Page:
Is it practical or even possible to use an e-bike as your primary mode of transportation? According to Tempo Bicycles founder and CEO Van Nguyen, e-bikes can definitely take the place of cars, especially for commuting and running errands around towns and cities.
Nguyen believes riding e-bikes to work and for play and errands results in healthier cities with less traffic congestion and pollution and healthier riders who benefit from exercise and just being outside. Nguyen told Digital Trends she rode her e-bike around San Jose with her offspring in a child seat on the back until they were old enough to ride their own bike.
Because Tempo builds e-bikes for daily use, the company configures e-bike components without compromise for the highest reliability and ease of use. The Tempos are Class 1 e-bikes with electric power pedal assistance. Pedal power assistance works up to 20 miles per hour with a riding range per charge of 30 to 50 miles from a frame-integrated 36-volt, 12-Ah, 432-watt Lithium-ion battery.
All three Tempo models have mid-drive electric motors, fully automatic continuously variable transmissions, sealed internal gear systems, hydraulic disc brakes, and carbon belt drives — with price tags to match. The Tempo e-bikes range from $4,495 for the Carmel and Santa Barbara models to $5,995 for the smartphone-integrated Tempo La Jolla.
The Tempo Carmel ($4,495) is a classic bicycle-style motorized bike with an aluminum alloy frame available in three sizes for riders from 5 feet, 1 inch to 6 feet, 3 inches in either emerald or gunmetal. The 53-pound Carmel rides on 28-inch tires and comes with a 160-lumen front light, rear reflector, and a rear frame kickstand. Front and rear fenders and rear rack are optional.
Tempo’s step-through Santa Barbara model ($4,495) has standard fenders and a rear rack. The Santa Barbara is available in six sizes for riders from 4 feet, 9 inches to 6 feet, 6 inches. The three smaller sizes have 26-inch tires and either seafoam or pearl color frames. The larger sizes come with a cobalt color frame only and ride on 29-inch tires.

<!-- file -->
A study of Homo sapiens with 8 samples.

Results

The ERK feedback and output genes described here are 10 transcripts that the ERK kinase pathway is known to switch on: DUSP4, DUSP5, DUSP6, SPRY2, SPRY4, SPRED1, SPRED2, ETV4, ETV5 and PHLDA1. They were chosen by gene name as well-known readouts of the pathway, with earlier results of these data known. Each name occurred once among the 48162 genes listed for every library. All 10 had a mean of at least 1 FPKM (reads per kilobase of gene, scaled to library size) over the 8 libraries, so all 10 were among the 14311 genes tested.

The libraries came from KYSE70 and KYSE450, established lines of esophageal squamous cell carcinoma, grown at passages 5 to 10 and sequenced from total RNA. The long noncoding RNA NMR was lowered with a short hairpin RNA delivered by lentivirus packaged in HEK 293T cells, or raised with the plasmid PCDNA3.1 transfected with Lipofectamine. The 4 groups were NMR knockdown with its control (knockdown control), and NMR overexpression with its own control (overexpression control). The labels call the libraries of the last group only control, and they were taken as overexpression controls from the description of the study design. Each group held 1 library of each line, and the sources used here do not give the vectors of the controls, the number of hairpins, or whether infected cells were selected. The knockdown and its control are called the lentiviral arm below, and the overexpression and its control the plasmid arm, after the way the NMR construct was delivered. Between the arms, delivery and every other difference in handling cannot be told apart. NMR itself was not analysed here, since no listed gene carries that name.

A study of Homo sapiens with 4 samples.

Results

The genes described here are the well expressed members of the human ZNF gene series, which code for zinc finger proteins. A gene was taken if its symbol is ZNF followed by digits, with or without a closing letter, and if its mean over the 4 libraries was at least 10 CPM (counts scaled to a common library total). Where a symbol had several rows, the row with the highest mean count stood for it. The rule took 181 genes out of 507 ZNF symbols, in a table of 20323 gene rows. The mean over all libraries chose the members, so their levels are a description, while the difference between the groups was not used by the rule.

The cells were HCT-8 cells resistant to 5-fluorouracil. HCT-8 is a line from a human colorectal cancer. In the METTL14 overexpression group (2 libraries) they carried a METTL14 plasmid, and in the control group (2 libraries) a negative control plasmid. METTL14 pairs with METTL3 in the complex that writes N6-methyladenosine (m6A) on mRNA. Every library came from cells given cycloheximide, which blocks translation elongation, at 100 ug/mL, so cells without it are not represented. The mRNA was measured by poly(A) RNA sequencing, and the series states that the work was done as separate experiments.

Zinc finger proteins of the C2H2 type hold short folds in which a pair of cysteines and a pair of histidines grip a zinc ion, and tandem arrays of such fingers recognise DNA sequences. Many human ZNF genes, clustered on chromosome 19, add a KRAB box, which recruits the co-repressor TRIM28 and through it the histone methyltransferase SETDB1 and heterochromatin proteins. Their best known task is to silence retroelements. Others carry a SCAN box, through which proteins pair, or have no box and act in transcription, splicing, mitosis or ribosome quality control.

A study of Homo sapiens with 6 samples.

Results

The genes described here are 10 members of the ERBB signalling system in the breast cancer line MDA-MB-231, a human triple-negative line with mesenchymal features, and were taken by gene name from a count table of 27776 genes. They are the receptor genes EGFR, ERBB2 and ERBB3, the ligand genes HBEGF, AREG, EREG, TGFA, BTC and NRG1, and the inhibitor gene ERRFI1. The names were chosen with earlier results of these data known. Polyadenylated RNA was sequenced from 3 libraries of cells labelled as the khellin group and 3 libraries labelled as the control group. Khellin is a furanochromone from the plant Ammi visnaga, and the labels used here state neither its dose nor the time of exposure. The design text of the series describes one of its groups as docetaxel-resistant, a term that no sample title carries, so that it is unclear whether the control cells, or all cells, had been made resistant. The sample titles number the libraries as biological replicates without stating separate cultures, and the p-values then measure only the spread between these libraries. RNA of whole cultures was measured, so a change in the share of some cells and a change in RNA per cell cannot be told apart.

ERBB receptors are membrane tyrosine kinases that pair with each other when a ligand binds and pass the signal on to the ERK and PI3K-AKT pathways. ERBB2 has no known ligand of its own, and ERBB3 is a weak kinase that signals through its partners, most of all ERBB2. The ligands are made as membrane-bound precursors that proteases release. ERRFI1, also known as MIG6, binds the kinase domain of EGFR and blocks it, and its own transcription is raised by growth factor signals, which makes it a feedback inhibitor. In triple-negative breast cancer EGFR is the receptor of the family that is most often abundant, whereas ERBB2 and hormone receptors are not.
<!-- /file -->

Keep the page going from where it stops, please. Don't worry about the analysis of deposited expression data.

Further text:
Because Tempo’s Carmel and Santa Barbara models resemble traditional bicycles, casual observers might not notice that they are e-bikes. The top-of-the-line La Jolla ($5,995), however, is less stealthy than the others with its more angular design. The 48-pound La Jolla has a carbon fiber frame for reduced weight and strength, RockShox Paragon front fork, and 28-inch tires.
The La Jolla model is unique in the Tempo line with its Bluetooth-connected smartphone integration. The app locks the electric drive system rendering the La Jolla nonfunctional without a PIN code. Also, the app displays speed, battery level, and pedal power assistance levels and helps with navigation. You can also configure automatic accident detection to receive a smartphone alert if someone bumps the bike. An optional rear-mounted camera can show what’s happening behind you on the
Tempo sells its e-bikes exclusively through select independent bicycle dealers, most of whom offer pickup and delivery if the bike needs service. To find a local dealer, contact Tempo directly.